Mickey Mortimer <email@example.com> wrote:
> Well, since it's not open access I can't say anything about the paper itself
> (though I could access it for 2 days for the low low price of $10), but the
> Discover article implies the bird wasn't scavenged because it's articulated
> and facing headfirst. This doesn't address the obvious argument made
> on the DML that the enantiornithine could have been caught on the ground,
> since that's the case for many modern predators attacking arboreal
> birds. Indeed, I don't see why a predator wouldn't eat a scavenged bird the
> same way it eats a recently killed bird, since the animal still goes down
> the throat more smoothly head first. So while I still technically reserve
> final judgement until I read the paper, I stand by my earlier statement that
> impossible to infer arboreality from one Microraptor eating one arboreal bird.
I'm prepared to cut the authors some slack here. Here we have a small
theropod (_Microraptor_) that previous studies have inferred to be at
last partly arboreal. And what turns up in the stomach of one of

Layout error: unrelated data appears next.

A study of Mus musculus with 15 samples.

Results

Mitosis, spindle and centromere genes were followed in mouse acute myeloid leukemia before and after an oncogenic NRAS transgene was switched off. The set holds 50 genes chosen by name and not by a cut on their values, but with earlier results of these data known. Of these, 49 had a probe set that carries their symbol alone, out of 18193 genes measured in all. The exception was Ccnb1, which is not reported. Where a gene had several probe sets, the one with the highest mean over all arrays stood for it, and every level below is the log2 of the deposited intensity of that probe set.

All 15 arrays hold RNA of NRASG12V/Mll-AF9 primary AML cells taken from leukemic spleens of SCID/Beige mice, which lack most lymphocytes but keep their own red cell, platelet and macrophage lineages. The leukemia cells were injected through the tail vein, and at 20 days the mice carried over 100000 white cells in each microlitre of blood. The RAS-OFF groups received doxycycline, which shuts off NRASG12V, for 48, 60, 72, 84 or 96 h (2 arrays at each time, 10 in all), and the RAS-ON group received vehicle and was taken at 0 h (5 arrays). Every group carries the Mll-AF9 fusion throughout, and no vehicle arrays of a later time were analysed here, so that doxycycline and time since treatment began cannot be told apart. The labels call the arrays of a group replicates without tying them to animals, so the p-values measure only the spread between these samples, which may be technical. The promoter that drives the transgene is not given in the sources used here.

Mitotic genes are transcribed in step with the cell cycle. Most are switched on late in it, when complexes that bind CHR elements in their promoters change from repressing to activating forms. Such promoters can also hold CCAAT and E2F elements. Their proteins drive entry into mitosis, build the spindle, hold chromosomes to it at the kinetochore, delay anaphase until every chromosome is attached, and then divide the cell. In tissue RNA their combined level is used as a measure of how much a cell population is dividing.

these theropods? An arboreal bird.
Yeah, there is no reason to assume that the little bird was
necessarily in a tree when the _Microraptor_ snapped it up. Modern
specialist perching birds often forage on the ground. _Microraptor_
might have pounced on the bird while it was on the ground. Or the
bird might have already been dead when _Microraptor_ gobbled it up.
But the behavior depicted for _Microraptor_ in Fig. 3 is at least
consistent with the skeletal (and integumental) anatomy of this
theropod: the hindlimbs 'walk' up the tree, the hands grip the tree on
either side to provide support, and the jaws catch the prey.
_Microraptor_'s 'wings' could then be deployed to return the animal
to the ground. No perching (or roosting) is required - so
_Microraptor_ doesn't require a perching pes or prehensile manus.